This morning, an unknown number of people received an e-mail from photo-printing site Shutterfly congratulating them on their new babies. The problem is that most of these people don’t have fresh new babies at home, and aren’t expecting. Many of them have no kids at all. While most were probably able to laugh it off as a weird mistake, plenty of recipients weren’t.
What we don’t know is how the message reached all of these people. Many claimed that they had never signed up for Shutterfly or its mailing list.
Here’s what they saw:
What a lovely ad…if you were someone who actually had ordered birth announcements from Shutterfly, or who had even given birth recently.
“The only problem? I’ve never been pregnant. And if I was, I certainly wouldn’t have told random people at Shutterfly about my life changing news,” wrote reader Krissy when sending us a tip about this misdirected mailing. “I can’t imagine how many Moms who lost their babies may have received this mistaken email, and how heartbreaking that would be.”
For some women who received the e-mail, it was an amusing oddity. Just more junk mail in their inboxes. (As far as we know, only women received this e-mail – let us know if you’re an exception. UPDATE: Nope, men received it too.)
Some were mildly annoyed or insulted, but speculated how the message might read to others in different life circumstances.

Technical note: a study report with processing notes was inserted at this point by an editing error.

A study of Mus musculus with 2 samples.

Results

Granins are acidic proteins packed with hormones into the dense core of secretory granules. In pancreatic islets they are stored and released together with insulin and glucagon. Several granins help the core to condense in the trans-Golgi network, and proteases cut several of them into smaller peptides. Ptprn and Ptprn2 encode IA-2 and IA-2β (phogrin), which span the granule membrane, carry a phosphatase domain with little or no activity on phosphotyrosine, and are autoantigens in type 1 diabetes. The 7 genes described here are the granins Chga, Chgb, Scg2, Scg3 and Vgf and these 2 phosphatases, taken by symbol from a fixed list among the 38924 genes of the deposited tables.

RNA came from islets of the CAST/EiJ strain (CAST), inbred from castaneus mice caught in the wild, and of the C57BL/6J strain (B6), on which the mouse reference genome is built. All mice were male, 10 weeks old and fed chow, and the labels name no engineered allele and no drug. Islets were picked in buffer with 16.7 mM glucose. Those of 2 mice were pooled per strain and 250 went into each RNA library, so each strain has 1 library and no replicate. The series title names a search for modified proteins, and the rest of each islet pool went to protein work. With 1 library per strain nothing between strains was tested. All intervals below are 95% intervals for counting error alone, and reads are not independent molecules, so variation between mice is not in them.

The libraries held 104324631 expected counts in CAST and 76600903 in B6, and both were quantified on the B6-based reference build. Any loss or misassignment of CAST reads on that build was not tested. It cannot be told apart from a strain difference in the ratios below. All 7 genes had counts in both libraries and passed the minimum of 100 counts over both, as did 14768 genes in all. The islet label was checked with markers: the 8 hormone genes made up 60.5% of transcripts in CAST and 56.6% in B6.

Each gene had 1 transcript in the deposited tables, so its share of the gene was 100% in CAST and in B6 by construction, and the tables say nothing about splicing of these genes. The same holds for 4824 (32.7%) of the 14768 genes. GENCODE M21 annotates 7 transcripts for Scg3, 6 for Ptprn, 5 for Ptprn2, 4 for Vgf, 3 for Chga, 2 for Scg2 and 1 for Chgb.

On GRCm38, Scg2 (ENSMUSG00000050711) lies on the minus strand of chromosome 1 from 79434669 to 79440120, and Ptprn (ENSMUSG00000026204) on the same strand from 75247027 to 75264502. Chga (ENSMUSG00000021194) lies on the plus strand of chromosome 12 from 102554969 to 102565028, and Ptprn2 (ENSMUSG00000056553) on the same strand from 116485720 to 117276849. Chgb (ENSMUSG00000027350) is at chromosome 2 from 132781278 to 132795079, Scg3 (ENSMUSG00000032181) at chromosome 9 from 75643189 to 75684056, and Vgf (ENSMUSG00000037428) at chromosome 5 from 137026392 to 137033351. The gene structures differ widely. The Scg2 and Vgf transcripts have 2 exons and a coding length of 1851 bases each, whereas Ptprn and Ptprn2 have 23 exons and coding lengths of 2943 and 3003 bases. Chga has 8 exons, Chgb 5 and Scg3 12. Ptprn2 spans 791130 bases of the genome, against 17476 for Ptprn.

For others, it dredged up grief over the recent or not-so-recent loss of a pregnancy or of a child, or served as a cruel reminder of their struggles with infertility.
It wasn’t an intentional reminder of these things, of course. Almost 12 hours after the message went out, Shutterfly began apologizing to individual users who complained on social media.
Common elements of apology comments: sending the e-mail was accidental, and the company is very sorry. To their credit, they didn’t use blame-shifting language like “we’re sorry that you were offended.” Here’s one comment posted on a Facebook post:
Caryn, we want to extend our deepest apology for the email that reached many in error this morning. We know that this has impacted you in a personal manner and for that we are truly sorry.
In an official statement, Shutterfly told Consumerist, “Earlier this morning, we unintentionally sent out an e-mail in error to some of our customers. We deeply apologize for this intrusion and any offense this may have caused.” We asked for an estimate of how many people received the message, but they didn’t provide one. Maybe they don’t know.
Update: The following day, <a href="Shutterfly Sends Apology For E-Mail Celebrating Imaginary Babies” target=”_blank”>Shutterfly sent an apology e-mail out to everyone who received the original message.